Monday Round-up 1/27: MALEFICENT Redeems, Whedon Channels GODFATHER 2
It’s Monday! When did that happen? Last I remember I was holed up in a dark room for the three days writing six pages (in total) of comedy bits and crying myself to sleep. Damn you, NBC! Afterward, I spent the rest of the weekend in a coma. This is your Monday news round-up!
1. What Grammys? Maleficent!
Last night was the Grammys, but you wouldn’t know it if you follow only my Twitter account. More important things happened last night. Bates and Anna get back together, and Sherlock and Watson try to solve a crime while drunk out of their damn minds. If you did managed to sit through some the ego fest full golden gramophone worshippers, you may have noticed the newest trailer for Maleficent featuring Lana del Rey singing the classic “Once Upon a Dream.” The song had just enough of the same creepiness Lauren O’Connell’s cover of “House of the Rising Sun” had for American Horror Story: Coven.
You know what else? It won me back. I described how I was pretty nonplused when Disney released the first full trailer, as well as the plot summary. Better editing and choice selection of mood music set the tone for a dark Disney flick about our favorite evil witch. The plot still has me a little worried; however, given what we see in the trailer, the summary itself could just be a superficial layer hiding a level of complexity not yet revealed. But let’s not get our hopes up too much. This is still Disney pursuing the hyper colorful re-imaginings of some of their oldest properties. But, I do feel more compelled to actually go to the theaters now. Non 3D, of course. That fad’s all played out.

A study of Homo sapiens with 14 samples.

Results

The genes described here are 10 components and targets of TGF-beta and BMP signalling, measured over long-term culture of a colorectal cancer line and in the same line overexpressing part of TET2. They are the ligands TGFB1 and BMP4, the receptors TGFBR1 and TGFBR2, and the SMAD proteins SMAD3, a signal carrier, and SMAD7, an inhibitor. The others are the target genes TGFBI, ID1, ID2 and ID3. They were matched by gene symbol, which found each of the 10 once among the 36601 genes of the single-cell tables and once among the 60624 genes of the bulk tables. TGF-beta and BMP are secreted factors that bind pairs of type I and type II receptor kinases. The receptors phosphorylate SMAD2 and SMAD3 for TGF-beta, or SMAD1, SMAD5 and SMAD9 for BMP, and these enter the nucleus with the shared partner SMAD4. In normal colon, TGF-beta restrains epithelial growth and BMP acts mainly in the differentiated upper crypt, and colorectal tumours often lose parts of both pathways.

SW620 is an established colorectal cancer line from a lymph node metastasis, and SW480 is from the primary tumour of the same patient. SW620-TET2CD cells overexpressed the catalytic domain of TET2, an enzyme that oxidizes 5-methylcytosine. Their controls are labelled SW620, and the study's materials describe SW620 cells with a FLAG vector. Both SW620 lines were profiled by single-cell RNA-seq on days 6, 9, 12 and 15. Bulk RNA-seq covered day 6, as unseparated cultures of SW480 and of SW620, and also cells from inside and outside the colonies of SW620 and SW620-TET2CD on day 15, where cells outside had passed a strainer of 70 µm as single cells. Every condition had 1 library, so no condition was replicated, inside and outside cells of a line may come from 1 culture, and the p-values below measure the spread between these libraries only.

2. Movie theater owners want shorter trailers.
The average trailer length in time is about two and a half minutes. Apparently that’s too long for the National Association of Theater Owners, and they’re calling to shorten them to 30 full seconds. Also, trailers can only be shown if they’re being released within five months.
According to The Hollywood Reporter:
NATO’s executive board came up with the new scheme in an effort to give exhibitors more control over how Hollywood movies are marketed inside of their cinemas. Theater owners, who feel the brunt of complaints from the public, believe trailers are often too long and can give away too much of the plot. NATO has spent months working on the guidelines, including speaking with each of the studios. The trade organization said the proposals were significantly altered as a result of those discussions.
I used to work in projection. Film distributers would literally send us boxes full of trailers. There would be maybe four to five different ones, but in varying film formats. The problem is we got these boxes a lot. Maybe once every other week, not including the deluge of digital trailers we’d get every time a new digital movie came in. Sometimes we’d get requests from the distributer saying what trailers need to be put in front of a certain movie. Most of the time, however, it was up to the head projectionist to pick and choose.
We were pretty sensible with our choices. We selected three to five relevant trailers, adding up to about 10-12 minutes to allow time for some latecomers relying on that 10 minute window to make it to their movie on time. However, there are some theaters whose projectionists will put all or most of the trailers from the aforementioned package. Doing that runs the risk of running up to 20 minutes. Dumb things like this would be the origin of customers’ complaints and the call for shorter trailers.
So will production companies give up the long-form all together? Or will the internet be their safe haven for longer, more descriptive, possibly spoilery trailers?